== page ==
R. Dennis German, retired zoning official and real estate salesman, dies

R. Dennis German was a leader of Boy Scout Troop 1000 and remained active in the group for 25 years.
R. Dennis German was a leader of Boy Scout Troop 1000 and remained active in the group for 25 years.

R. Dennis German, a retired Baltimore City Board of Zoning Appeals member who was active in Boy Scouting, died April 21 of chronic obstructive pulmonary disease at his Village of Cross Keys home. He was 80.

Born Ridgely Dennis German in Baltimore and raised in Rodgers Forge, he was the son of Irma Catherine Herzog and her husband, Ridgely German, who owned a sod farm.


“My father had an abundant scholastic career at Mount Washington Country School for Boys, followed by St. Paul’s School for Boys, then on to Loyola Blakefield and finally graduating from Boys’ Latin in 1957,” said his daughter, Jenifer Nugent of Rodgers Forge.

She said her father often recalled spending his childhood summers at Pinehurst in Anne Arundel County and ice skating in the winter on Cochran’s Pond off Lake Avenue in North Baltimore.


He earned an associate of arts degree in business at the Johns Hopkins University and a second associate degree in architectural drafting from the Maryland Institute College of Art.

He met his future wife, Sarah Ann McGeehan, on the beach at Ocean City. They were introduced by her Institute of Notre Dame classmate Nancy D’Alesandro Pelosi.

“My parents had a romantic and cultured courtship, and they were married at the Baltimore Basilica,” said his daughter.

As a young man Mr. German was a tailor’s apprentice at the old William H. Lohmeyer men’s clothing business and later owned his own shop, Raymond B Krieger on Charles Street in downtown Baltimore. His customers included businessmen as well as members of the Baltimore Colts and Bullets sports teams.

“My father believed that ladies and gentlemen do not wear dungarees," said his daughter.

One of his tailoring customers, Donald Grempler, brought in his wife, Mary Bell Grempler, to meet Mr. German, who often made friends with his customers. The Gremplers, who founded a real estate business, suggested he join them. He soon became a successful residential and commercial salesman.

Mr. German sold residential properties in Columbia and Joppatowne and later worked in commercial properties. He retired from Coldwell Banker and sold and leased retail stores and warehouses. He worked with caterer Martin Resnick and for the Finkelstein family and their chain of clothing shops.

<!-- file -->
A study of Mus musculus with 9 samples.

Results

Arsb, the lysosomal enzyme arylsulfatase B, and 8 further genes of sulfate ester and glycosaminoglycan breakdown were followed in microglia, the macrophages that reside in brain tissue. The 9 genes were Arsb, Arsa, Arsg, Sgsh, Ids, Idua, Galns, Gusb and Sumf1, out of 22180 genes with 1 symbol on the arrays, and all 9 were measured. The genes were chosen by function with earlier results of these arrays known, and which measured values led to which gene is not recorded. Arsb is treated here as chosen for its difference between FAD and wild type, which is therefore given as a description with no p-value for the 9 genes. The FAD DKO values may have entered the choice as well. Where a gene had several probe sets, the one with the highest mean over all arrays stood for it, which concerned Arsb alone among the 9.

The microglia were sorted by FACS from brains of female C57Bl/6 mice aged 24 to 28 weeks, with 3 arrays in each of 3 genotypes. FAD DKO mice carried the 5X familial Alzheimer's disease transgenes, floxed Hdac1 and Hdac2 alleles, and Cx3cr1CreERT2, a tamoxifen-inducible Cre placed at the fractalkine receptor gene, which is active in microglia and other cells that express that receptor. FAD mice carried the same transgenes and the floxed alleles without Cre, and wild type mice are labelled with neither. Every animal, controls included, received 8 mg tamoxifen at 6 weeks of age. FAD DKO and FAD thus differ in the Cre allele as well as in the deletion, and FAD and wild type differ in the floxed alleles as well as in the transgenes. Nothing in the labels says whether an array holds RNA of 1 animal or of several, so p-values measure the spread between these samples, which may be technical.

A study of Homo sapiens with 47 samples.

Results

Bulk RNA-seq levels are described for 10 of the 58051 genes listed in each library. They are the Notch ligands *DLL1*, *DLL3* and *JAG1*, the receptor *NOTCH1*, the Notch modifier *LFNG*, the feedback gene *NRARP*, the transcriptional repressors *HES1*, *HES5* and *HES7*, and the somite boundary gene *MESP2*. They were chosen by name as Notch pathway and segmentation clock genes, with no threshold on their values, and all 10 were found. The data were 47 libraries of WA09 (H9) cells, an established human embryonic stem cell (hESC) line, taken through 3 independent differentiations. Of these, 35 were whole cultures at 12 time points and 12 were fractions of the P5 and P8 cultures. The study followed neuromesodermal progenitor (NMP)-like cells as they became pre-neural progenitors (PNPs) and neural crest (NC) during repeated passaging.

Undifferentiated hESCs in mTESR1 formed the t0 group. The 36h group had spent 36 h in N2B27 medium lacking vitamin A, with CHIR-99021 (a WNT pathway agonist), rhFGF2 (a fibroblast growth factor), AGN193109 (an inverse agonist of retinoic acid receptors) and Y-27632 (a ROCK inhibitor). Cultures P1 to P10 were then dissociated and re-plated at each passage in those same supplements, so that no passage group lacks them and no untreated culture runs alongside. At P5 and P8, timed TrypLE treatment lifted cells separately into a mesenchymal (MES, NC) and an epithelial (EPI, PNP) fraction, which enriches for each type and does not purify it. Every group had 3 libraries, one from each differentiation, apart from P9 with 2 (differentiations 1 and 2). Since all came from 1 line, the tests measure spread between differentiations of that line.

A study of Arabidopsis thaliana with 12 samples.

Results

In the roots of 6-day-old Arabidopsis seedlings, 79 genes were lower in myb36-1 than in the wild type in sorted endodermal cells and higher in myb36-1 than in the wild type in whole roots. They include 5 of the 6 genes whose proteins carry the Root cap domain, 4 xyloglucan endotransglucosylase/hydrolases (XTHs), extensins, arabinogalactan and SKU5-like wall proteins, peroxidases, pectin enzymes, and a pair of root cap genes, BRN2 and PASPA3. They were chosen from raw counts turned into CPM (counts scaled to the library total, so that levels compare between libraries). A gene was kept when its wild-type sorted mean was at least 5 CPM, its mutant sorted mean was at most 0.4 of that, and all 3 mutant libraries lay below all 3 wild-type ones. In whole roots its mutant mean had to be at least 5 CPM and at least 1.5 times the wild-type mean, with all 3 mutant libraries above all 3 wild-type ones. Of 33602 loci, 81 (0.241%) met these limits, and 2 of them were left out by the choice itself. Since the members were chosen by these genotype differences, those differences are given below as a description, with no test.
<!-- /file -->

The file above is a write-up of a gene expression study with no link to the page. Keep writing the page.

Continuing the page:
My father had a booming voice," said his daughter. “He was impeccably dressed and perfectly groomed with a remarkable mustache. This look gave him the reputation of the consummate gentleman."

Mayor William Donald Schaefer named him to the Baltimore City Board of Zoning Appeals.

“My father absorbed the development and zoning process with a passion,” said his daughter.

Mr. German often consulted with Baltimore County zoning official Arnold Jablon, his daughter said.

“My father wanted the city and the county to work together to understand and solve the everyday issues that challenged their respective jurisdictions,” his daughter said.


“He was one of a kind and was always a gentleman,” Mr. Jablon said.

After serving on the Baltimore zoning board, Mr. German was named to the Maryland State Subsequent Injury Fund Board. He served for 32 years.

Mr. German liked spending time outdoors. He was a member of Ducks Unlimited and enjoyed the beauty of the Chesapeake Bay and the Eastern Shore.

Mr. German was an active member of the Cathedral of Mary Our Queen. He was a leader of its Boy Scout Troop 1000 and remained active in the group for 25 years.

“Dennis was a dedicated Scout leader,” said Leon J. Podles, a Roland Park resident and friend. “He spent scores of hours working for our troop and was a community-minded person.”

His daughter said that while Mr. German went on camping trips with Troop 1000, he always booked a motel room to assure he had his own bathing facilities. He also traveled with a portable solar-heated shower.

He made it a point of spending a weekend day with his children and led trips to Lexington Market, the Inner Harbor and National Aquarium, the Maryland Zoo, the Morris A. Mechanic Theatre, the Lyric, the Baltimore Symphony and the Walters Art Museum.

Mr. German, a former president of the Tuscany-Canterbury Association, represented the neighborhood group in zoning and planning issues. He lived for 40 years on Ridgemede Road before moving to Cross Keys.

He enjoyed card games, including pitch, with friends.

Plans for a life celebration will be announced at a later date.

In addition to his daughter and wife of 54 years, a retired Polytechnic Institute English teacher, survivors include two sons, Thaddeus German of Philadelphia and John Francis German of Denver; another daughter, Amanda Fine of Baltimore; and four grandchildren.